Robert Levinson and the Rogue CIA

by Bernard McCormick Tuesday, December 17, 2013 No Comment(s)


The recent revelation that the missing Coral Springs man, Robert Levinson, was on a CIA mission when he disappeared in Iran, comes as a surprise to everyone except those who knew him. His reputation at the FBI was that of an excellent agent with unusually valuable contacts. But he was also something of an adventurer. Insiders did not believe he was a private eye chasing cigarette change on an island off Iran.

Some people, however, may be surprised that Levinson was not working directly for the CIA, but rather a rogue group of analysts within the agency that had no authority to send him off doing whatever he was doing. Others would not be surprised at all. They would not even be surprised if the “rogue” story itself is bogus, to conceal involvement of those higher up in the agency. Several people involved were fired, so the CIA can say it canned those whack jobs, let the case rest.

If one wonders about the cynicism here, note that this comes close to the 50th anniversary of President Kennedy’s assassination, which over the years has been increasingly linked to the CIA. Almost from the time the Warren Commission Report appeared, cynics suspected a government conspiracy, followed by a second conspiracy to cover it up. Among them was Pennsylvania Sen. Richard Schweiker. He, and others in Washington, had been shocked to learn that the CIA, in theory an intelligence gathering agency, had made itself an action arm of the government, facilitating the overthrow of governments, and causing people to be murdered. Without authority.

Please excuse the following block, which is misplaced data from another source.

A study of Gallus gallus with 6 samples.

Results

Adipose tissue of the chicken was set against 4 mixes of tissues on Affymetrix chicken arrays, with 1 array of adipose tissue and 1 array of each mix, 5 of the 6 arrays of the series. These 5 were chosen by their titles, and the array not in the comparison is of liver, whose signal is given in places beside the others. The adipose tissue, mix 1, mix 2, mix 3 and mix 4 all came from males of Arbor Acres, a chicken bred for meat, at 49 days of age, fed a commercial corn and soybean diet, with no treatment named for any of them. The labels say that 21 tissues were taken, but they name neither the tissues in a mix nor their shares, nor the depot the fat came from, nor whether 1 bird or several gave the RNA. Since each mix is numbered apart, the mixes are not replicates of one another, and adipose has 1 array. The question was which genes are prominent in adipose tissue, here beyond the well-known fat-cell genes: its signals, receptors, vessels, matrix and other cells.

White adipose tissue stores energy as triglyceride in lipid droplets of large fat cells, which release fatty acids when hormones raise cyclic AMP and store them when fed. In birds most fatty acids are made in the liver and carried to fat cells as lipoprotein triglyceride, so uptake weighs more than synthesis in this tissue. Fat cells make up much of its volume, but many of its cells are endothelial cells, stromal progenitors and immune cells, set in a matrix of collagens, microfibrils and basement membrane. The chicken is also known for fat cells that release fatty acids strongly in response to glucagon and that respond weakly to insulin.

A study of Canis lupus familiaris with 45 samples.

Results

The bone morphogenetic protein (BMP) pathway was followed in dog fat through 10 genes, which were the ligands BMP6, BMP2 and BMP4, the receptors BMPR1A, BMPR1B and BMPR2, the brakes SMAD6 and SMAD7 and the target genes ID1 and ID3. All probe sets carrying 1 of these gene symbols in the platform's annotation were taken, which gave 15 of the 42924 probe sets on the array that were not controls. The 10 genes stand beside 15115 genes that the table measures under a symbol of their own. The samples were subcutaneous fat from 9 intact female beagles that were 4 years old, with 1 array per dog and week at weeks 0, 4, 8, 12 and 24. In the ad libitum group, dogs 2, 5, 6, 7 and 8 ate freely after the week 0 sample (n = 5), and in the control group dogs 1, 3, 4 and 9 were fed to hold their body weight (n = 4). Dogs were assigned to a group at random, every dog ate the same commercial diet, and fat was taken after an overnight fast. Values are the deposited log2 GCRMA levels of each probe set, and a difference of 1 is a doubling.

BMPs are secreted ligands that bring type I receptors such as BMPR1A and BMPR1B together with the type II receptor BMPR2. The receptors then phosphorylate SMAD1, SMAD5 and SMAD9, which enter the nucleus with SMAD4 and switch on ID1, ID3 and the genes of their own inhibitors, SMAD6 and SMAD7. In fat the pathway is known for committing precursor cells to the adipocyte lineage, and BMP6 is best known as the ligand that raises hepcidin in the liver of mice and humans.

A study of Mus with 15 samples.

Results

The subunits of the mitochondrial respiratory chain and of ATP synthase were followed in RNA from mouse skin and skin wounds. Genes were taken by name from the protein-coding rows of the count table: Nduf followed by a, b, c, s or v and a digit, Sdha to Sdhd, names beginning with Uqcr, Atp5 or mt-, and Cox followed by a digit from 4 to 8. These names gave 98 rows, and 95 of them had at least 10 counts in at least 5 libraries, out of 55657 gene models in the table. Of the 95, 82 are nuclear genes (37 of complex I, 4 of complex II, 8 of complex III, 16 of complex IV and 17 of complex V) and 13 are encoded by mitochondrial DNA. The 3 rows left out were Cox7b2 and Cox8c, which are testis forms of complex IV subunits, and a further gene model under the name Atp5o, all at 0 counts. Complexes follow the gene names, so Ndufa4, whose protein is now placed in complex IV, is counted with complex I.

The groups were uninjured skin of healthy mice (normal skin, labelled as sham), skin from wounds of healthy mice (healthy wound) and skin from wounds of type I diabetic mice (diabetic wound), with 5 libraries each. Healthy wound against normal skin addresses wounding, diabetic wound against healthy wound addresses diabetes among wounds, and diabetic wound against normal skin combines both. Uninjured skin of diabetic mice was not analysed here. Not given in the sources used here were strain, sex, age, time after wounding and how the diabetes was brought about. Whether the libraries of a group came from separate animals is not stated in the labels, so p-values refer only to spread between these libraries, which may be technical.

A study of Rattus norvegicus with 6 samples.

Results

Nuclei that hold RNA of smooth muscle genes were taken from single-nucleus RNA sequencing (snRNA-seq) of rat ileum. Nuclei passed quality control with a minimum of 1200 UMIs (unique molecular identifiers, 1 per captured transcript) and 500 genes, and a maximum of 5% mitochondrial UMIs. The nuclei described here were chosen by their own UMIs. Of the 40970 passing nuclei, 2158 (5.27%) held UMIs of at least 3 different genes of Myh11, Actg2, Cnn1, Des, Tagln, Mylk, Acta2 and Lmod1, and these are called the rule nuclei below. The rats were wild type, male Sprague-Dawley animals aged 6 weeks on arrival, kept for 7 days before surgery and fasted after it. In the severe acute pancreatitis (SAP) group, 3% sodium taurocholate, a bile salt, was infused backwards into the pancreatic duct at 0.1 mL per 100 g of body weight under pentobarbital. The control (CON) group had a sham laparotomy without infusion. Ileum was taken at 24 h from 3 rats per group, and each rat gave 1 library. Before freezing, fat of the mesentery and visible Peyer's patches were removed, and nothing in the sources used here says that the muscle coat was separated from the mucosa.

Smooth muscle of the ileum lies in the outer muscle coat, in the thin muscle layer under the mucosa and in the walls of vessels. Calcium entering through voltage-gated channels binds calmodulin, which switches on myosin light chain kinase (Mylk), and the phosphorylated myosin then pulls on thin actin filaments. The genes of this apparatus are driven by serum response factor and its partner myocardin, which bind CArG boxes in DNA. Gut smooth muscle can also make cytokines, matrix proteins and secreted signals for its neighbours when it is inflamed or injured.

His position on a Senate intelligence committee gave him grounds for suspicion that Lee Harvey Oswald was a U.S. intelligence figure. In 1976 he hired Gaeton Fonzi, at the time a partner in Gold Coast magazine, to try to prove it. As we reported recently, Fonzi, working in Florida with the anti-Castro Cuban community, found a link between Oswald and a high-ranking CIA officer. The same CIA man, Fonzi learned, was also connected to assassinations of foreign political leaders, and the coup in Chile that resulted in thousands of deaths of political dissidents. He also worked with Fonzi’s main source in attempts to kill Castro, attempts which the CIA said at the time it knew nothing about.

Other researchers jumped on Fonzi’s discovery, and over the years, bolstered by gradually declassified documents, and testimony of witnesses long silent in fear, what once seemed unthinkable has become believable. If the CIA did not orchestrate a presidential murder, it did everything it could to cover it up, including lying repeatedly to Congress and its authorized investigators such as Fonzi. Would the CIA lie? Did it lie for years about Robert Levinson, until his distraught family forced the truth into the open?

The word “rogue” was used 40 years ago to describe the group, all CIA types whose names have been widely published (now that they are all dead), who were suspected in the JFK murder. John McCone, the man at the head of the CIA at the time, told Robert Kennedy himself that the CIA was not involved. The truth is he was appointed by the Kennedys to replace Allen Dulles, who the Kennedys distrusted, and McCone surely didn’t know. He would be the last to know. He was only the boss, and a boss the rogues could not trust. But not so Allen Dulles. He helped launch the CIA and ran it for eight years. He had to know what it was doing. He wound effectively running the Warren Commission and pinning the blame on an alleged lone nut, ignoring any evidence to the contrary. He thus protected the “rogue” element in his own agency. That’s just being loyal, covering for people who had no authority to murder a president.

At least in the Levinson case, people got fired. In the Kennedy case, they got promoted.